The ketogenic diet may be best known for its focus on keeping carbs low, but another important part of eating keto is paying careful attention to ingredients. You may have seen soluble corn fiber listed as an ingredient in Enlightened keto ice cream or Dough Bites and wondered: How can an ingredient derived from corn, which is relatively high in carbs, be keto-friendly?
Two types of fiber
There are two types of dietary fiber, each with important health benefits. Insoluble fiber, found in wheat bran, vegetables, and whole grains, is fiber that does not dissolve as it moves through the digestive tract. (It’s the type of fiber you’ve heard referred to as “roughage.”) Soluble fiber, which appears in nuts, seeds, and some fruits and vegetables, dissolves in water and becomes a gel that slows digestion of other nutrients such as carbohydrates.
According to the Mayo Clinic, a diet rich in the two types of dietary fiber can lower cholesterol, help control blood sugar, and even help you live longer. Some more fiber-rich and keto-friendly foods include:
- Leafy greens
- Chia seeds
Soluble corn fiber: A true dietary fiber
Unlike some fibers like isomaltooligosaccharides (often labeled as prebiotic fiber or tapioca fiber), soluble corn fiber is considered a true dietary fiber by the FDA. “Soluble corn fiber is not the same thing as corn,” registered dietitian Alix Turoff explains. “It is the fiber extracted from corn and has a very low net carb load, so it is appropriate for a ketogenic diet.”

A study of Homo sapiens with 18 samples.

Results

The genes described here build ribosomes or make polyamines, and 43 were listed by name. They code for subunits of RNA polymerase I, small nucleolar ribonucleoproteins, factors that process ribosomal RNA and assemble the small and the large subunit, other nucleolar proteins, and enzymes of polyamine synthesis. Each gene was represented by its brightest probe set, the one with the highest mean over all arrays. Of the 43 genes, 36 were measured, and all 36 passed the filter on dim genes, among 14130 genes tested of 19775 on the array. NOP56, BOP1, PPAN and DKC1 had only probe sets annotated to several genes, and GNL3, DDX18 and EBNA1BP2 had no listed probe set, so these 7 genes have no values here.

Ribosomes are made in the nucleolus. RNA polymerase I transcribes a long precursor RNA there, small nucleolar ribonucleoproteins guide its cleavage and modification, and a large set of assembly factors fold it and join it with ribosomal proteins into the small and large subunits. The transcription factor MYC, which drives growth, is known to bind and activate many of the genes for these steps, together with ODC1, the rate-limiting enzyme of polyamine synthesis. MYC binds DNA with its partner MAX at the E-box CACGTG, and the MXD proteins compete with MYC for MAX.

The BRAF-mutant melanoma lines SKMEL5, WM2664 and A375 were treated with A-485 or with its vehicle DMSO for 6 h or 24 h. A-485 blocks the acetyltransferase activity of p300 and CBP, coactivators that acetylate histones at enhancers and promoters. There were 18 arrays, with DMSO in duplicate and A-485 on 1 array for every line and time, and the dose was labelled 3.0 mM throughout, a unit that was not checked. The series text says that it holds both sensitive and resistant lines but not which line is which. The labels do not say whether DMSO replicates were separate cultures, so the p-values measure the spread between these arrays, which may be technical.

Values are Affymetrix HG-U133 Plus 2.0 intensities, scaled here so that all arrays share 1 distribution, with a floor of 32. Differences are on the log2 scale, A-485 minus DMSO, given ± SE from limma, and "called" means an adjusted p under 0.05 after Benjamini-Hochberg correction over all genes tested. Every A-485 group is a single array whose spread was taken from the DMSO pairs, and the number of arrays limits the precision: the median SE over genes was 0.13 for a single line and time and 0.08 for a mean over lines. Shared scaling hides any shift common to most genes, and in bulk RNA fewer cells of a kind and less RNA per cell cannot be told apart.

Similar names, different effects
Since another name for soluble corn fiber is resistant maltodextrin, it has sometimes been confused with the ingredient maltodextrin. However, the two are nothing alike in their glycemic effects. Maltodextrin is very high on the glycemic index (GI), meaning that it can lead to a spike in blood sugar, but research shows that soluble corn fiber does not have the same effect.
Can you eat soluble corn fiber on keto?
As a replacement for sugar in Enlightened ice cream, soluble corn fiber is a low-calorie, low-glycemic alternative that also helps with satiety, or the feeling of fullness that you experience when you’re finished eating. To learn more, we recommend consulting a trusted health professional such as a registered dietitian.